It's occurred to me recently that I have had the best summer of my life. I hung around Oberlin for commencement, went on a successful and painless tour with a rock band for five weeks, and then worked at a small summer camp in the middle of nowhere in Maine for two months. This latter job was particularly enjoyable, as it kept me far away from electricity, running water, and the internet. (I did manage to contract pneumonia, a consequence of working outside 18 hours a day during the wettest June on record in Maine. But hey, no one bats 1000.)
I've spent the past few days sifting through eight weeks of back e-mails and am getting geared up to return to Oberlin next week to get the orientation issue of The Grape under way. I've also managed to barge in on my younger sister's preparations for her freshman year of college, a carnival of horrors if ever there was one. It's strange to view this process, since I now find myself with an outsider's view of the carnage, rather than experiencing it first-hand like I did three years ago. It's hectic, stressful, and chaotic, and while everyone is approaching it with good humor there are a few underlying anxieties that I've noticed. They mostly deal with the fear that there will be some kind of fundamental transformation in my sister's character. They are a bit irrational, if well intentioned, and they were also present when I was headed out the door. And I think they are fairly ubiquitous among the parents of rising freshmen. So I'd like to talk about those for a moment in the hopes that I may assuage the fears of some pre-frosh parents (including my own).
My sister looked up her soon-to-be roommate on Facebook to find that most photos of her prominently featured red plastic cups. And everyone's heard the stories about the bookish high school valedictorian who got to college and discovered a love for and aptitude in the hallowed field of binge drinking. So it's no surprise that the fear that nags at my parents the hardest is the one of their kids becoming unhinged party animals at college. I think the tendency to dwell on this, and similar concerns, is a natural product of sending kids away. College represents the first time that parents relinquish most of their control over their children, and I think that's really tough for a lot of people to deal with. Often, it seems that the impulse is to dwell on the negative, and I think that's an unfortunate way to spend the last few weeks of time you have with your kids before shipping them off to school.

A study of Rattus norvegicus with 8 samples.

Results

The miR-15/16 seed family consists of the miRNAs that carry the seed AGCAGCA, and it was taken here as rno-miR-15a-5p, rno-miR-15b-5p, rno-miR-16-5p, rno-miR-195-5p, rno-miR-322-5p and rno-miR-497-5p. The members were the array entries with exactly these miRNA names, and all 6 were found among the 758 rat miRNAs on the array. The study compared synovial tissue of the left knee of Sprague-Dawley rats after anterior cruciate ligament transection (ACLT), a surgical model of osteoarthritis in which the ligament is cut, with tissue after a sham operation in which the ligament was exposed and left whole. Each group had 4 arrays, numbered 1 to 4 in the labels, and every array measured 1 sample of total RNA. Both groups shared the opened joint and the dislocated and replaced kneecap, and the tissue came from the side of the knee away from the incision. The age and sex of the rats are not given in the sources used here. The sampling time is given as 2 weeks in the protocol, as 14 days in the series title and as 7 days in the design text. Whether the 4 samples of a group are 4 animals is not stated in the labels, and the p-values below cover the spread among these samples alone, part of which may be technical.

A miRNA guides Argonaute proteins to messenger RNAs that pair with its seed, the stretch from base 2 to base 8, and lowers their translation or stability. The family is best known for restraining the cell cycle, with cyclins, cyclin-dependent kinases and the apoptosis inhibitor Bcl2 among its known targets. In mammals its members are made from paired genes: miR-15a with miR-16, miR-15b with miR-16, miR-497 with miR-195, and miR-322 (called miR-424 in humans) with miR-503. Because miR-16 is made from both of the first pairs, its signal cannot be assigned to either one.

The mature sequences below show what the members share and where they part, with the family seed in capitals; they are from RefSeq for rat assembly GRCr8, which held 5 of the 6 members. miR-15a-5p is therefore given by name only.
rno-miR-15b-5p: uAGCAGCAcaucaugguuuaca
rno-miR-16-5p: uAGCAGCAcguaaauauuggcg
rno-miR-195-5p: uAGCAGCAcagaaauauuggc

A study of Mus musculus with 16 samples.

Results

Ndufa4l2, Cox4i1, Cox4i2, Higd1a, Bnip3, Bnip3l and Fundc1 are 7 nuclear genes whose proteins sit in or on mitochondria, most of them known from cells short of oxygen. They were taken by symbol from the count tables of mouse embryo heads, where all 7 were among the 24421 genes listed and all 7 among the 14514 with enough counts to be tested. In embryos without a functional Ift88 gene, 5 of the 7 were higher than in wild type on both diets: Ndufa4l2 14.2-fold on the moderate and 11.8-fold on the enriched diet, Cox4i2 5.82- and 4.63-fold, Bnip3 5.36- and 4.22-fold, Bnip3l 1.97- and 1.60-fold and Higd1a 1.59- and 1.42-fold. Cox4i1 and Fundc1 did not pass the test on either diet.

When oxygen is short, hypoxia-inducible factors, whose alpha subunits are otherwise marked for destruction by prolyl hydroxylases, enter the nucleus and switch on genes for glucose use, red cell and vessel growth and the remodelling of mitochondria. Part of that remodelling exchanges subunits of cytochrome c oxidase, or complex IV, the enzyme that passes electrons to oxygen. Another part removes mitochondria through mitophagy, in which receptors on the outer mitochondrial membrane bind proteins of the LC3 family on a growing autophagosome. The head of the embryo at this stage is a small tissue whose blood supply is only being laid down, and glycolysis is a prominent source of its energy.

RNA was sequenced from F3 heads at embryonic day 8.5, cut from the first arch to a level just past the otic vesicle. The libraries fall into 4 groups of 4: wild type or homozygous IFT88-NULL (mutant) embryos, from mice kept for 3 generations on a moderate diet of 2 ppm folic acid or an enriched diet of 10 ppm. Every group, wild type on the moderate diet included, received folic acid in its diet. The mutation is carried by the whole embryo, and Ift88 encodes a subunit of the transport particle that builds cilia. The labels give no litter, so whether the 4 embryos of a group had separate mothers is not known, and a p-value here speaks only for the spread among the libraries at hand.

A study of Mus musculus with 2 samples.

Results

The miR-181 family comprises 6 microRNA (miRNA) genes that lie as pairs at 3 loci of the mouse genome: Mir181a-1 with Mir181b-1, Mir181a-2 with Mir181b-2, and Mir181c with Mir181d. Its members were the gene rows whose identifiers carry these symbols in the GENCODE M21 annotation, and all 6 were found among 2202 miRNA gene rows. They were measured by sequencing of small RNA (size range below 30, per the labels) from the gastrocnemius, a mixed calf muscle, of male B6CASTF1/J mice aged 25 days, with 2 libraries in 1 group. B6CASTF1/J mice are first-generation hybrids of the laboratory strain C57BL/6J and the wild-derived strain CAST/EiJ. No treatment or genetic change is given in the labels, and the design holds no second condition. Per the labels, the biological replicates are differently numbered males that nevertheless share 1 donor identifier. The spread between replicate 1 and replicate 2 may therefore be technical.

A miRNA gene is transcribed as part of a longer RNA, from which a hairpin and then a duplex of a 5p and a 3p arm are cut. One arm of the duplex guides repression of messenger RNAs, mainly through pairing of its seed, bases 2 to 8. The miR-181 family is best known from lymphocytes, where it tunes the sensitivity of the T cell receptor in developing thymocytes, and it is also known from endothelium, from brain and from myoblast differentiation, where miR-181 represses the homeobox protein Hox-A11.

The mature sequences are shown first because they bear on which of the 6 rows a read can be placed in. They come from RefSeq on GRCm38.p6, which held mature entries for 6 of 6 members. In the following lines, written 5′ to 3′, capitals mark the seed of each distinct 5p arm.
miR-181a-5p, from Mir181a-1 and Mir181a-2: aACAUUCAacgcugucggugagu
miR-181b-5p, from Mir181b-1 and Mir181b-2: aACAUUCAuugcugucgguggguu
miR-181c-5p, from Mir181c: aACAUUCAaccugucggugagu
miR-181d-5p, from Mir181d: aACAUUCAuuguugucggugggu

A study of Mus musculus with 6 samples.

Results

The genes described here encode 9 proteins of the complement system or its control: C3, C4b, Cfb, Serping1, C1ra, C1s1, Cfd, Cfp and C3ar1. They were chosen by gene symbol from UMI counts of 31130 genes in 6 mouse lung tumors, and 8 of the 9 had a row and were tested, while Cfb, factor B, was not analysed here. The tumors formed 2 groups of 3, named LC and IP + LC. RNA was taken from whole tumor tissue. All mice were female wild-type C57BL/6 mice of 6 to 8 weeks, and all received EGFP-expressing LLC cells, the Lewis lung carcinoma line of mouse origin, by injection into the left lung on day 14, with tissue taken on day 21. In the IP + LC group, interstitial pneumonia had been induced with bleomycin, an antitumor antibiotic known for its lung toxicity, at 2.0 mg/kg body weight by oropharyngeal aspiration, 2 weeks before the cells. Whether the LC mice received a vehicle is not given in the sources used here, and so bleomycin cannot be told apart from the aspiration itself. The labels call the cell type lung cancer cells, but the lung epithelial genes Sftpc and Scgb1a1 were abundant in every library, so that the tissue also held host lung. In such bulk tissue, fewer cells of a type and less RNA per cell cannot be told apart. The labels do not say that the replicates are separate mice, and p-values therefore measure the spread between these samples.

So, in my capacity as interloper in my sister's final days at home, I like to cut short my parents' well-intentioned cries of "Oh goodness, please don't get too wild and crazy while you're away from home!" by reminding them to think positive. I use myself as an example: since coming to Oberlin, I've had countless once-in-a-lifetime opportunities come my way that I would never have dreamed of and did not anticipate. I've taken amazing classes; discovered a field that I love (politics) that I hadn't even considered majoring in; been able to study with Billy Hart, one of the greatest living jazz drummers; had a rock band get signed to an independent record label; worked as editor in chief of a campus newspaper; and, perhaps most important, met many wonderfully talented and intelligent people who have enriched my character and whom I will remain in touch with for the rest of my life. All this and a myriad of other opportunities await anyone headed off to college, and yet partying or bad boyfriends or "the freshmen 15" invariably dominate the discussion.
"Think Positive" is a good mantra on any day, but the lead-up to freshmen year is an especially important time for parents and kids alike to get excited for what lies ahead. Do yourselves a favor and resist the urge to worry and instead indulge your desire to fantasize, to ask "what will you be doing in two years? In five? In ten?" (This is as important for college freshmen as it is for their parents, of course.) The beautiful reality about college is that for every one thing that can go wrong, there are fifty things that can go right.